The current round of diplomatic negotiations will only yield results if the Palestinians want them to work and lend their hand in making them work, government official ssaid on Sunday before the next day’s meeting between US President Barack Obama and Palestinian Authority President Mahmoud Abbas.
The message Abbas needed to hear in the Oval Office was that if the Palestinians just wait for Israel to make concessions and see the process as a one-way street, the process will fail, the officials said.
“This will only work if it is a two-way street,” the official said. Abbas met on Sunday with US Secretary of State John Kerry, before his meeting with Obama.
The comments came a day after Defense Minister Moshe Ya’alon said in an interview that he doubted there would be an agreement in his generation and that Abbas is a partner who “takes but doesn’t give.”
Justice Minister Tzipi Livni, Israel’s chief negotiator with the Palestinians, responded to this on Sunday in a Facebook posting, saying that those who say there will not be an accord in our generation are the ones who are giving up.
“Responsible leadership cannot give up on Israel’s most basic interests: to protect us and Zionism as a Jewish, democratic state that ensures we do not turn into a binational state,” she wrote.
“True, this is complicated and difficult, but to complain and give up is easy. We decision- makers are not observers or commentators,” she wrote.
“The leadership on both sides must make decisions. But to only voice criticism on the other side (and I also have some) is not a work plan for leadership.”
Obama is meeting with Abbas exactly two weeks after he met with Prime Minister Binyamin Netanyahu in Washington, and 11 days before Israel is to release the fourth and final batch of 26 Palestinian security prisoners.
While Obama gave an interview that was published just a day before he met with Netanyahu in which he seemed to put the onus for reaching an accord on the prime minister’s shoulders, no interview with similarly tough language toward Abbas has yet been published before their meeting.
Israeli officials said Israel is presently focused on Secretary of State John Kerry’s much-discussed framework document laying out the principles the US believe are needed for a two-state solution, even though there is increasing speculation that Kerry may in the end not even present the paper, because the two sides cannot agree on the bulk of it.
Sources close to Netanyahu refused to speculate on whether the document would in the end emerge. If it is to be presented, however, many diplomatic officials believe that has to be done before the March 28 prisoner release, as Israel would be reluctant to go through with it if it did not know that it was getting at least the continuation of the negotiations in return.
Another scenario is that the talks continue beyond the April 29 deadline, but without any written framework document. Palestinian officials were quoted on Sunday as saying that they would agree to a continuation of the negotiations past the April 29 deadline only if Israel agreed to a settlement construction freeze and to release additional Palestinian prisoners.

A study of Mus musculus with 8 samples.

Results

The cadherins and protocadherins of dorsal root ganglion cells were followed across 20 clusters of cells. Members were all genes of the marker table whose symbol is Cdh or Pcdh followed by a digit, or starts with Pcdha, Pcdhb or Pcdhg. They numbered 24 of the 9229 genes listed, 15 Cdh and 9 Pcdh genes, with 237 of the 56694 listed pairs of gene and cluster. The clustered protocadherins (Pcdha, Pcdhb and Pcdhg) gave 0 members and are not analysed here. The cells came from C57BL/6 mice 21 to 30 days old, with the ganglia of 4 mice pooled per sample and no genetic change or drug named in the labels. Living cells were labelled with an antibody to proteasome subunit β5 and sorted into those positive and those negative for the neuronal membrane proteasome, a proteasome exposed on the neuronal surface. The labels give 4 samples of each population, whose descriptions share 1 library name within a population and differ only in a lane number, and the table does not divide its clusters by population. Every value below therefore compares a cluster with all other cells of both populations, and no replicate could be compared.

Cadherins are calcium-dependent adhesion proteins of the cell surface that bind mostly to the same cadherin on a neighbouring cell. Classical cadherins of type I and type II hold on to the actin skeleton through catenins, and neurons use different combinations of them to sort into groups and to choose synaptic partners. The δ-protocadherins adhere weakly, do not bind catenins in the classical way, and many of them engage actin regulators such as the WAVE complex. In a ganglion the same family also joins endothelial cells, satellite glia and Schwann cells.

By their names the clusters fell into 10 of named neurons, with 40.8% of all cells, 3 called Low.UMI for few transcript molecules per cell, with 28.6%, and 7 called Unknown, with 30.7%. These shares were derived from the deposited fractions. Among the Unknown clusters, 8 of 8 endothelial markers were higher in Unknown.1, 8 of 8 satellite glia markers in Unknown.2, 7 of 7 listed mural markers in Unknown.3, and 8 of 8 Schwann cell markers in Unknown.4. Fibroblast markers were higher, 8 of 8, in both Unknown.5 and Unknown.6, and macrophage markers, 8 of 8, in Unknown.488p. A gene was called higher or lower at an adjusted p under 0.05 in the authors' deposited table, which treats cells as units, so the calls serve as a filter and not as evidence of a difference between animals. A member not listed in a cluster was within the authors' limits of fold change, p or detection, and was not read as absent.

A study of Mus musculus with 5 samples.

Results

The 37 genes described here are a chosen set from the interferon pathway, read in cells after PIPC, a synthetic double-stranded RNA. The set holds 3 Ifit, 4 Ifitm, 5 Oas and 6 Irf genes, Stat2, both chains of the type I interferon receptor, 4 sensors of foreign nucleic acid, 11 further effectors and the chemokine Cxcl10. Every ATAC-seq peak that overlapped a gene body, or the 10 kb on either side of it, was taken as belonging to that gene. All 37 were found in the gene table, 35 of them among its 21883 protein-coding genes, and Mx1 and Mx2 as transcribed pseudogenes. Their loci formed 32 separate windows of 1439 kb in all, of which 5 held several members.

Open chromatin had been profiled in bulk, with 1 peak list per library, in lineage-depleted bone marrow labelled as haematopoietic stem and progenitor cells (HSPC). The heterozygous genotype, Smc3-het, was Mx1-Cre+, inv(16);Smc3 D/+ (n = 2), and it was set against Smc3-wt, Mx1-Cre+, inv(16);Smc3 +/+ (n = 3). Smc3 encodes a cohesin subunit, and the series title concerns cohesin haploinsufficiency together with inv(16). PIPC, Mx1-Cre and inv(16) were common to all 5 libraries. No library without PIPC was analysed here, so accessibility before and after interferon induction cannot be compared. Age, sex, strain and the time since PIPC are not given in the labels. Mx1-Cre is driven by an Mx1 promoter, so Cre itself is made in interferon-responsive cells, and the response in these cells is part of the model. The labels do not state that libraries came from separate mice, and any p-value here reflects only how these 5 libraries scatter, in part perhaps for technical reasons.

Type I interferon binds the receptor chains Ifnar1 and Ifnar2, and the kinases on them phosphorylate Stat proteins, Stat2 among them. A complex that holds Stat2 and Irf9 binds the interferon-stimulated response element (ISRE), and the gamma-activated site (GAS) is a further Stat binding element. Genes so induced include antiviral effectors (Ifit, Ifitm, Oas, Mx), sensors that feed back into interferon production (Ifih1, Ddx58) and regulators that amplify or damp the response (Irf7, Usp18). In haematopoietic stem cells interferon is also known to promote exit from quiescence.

The Palestinians are calling for Israel to release Israeli Arabs convicted of terrorist acts in the next batch of terrorists, something that will be difficult for Netanyahu to get through the cabinet. The full cabinet does not need to vote on the next prisoner release unless it includes Israeli Arabs.
Construction and Housing Minister Uri Ariel said in an Israel Radio interview that his Bayit Yehudi party would not sit in a government that releases Israeli Arab terrorists.
Regarding a settlement freeze, he said that the previous freeze in 2009-2010 failed, and there was no reason to do it again.
On the other hand, Environment Protection Minister Amir Peretz (Hatnua) said Israel would not find a better partner than Abbas, and that Israel should “strengthen him so he can lead his people to a historic process leading to two states living peacefully side by side. He came out in favor of a freeze on construction in the settlements.
Another issue that is expected to be raised in the Obama-Abbas meeting is the Palestinian leader’s adamant refusal to recognize Israel as the nation-state of the Jewish people. A number of senior Israeli officials on Sunday morning criticized Kerry for giving Abbas back wind for this position when he said in Congress on Thursday that Netanyahu’s call for such Palestinian recognition was “a mistake.”
Communications Minister Gilad Erdan (Likud Beytenu) told Israel Radio it was a mistake for Kerry to make these comments ahead of Abbas’s meeting with Obama, and that by doing so the secretary of state put pressure on the wrong side.
Deputy Foreign Minister Ze’ev Elkin (Likud Beytenu) said Kerry’s comments were part of a pattern that emerged over the past 20 years, whereby the international community finds it easier to pressure Israel rather than the Palestinians, despite who it believes is in the right. Elkin called for Israel to stand up for its principles and bring an end to this “sad tradition.”
Another issue likely to be raised during Abbas’s meetings in Washington is Palestinian incitement.
Ofir Gendelman, Netanyahu’s spokesman for the Arab media, posted on his Twitter account a clip from last Wednesday showing Abbas Zaki, a Fatah Central Committee member, saying on PA TV that Allah’s plan was for the Jews to be gathered to Israel so they could be killed.
“Those Israelis have no religion and no principles. They are nothing but advanced tools for evil.
They talk about the Holocaust and so on, so why are they doing this to us. Therefore in my view Allah will gather them so we will kill them.
Every killer is bound to be killed, there is no other option,” he said in the clip, translated by the Middle East Media Research Institute (MEMRI).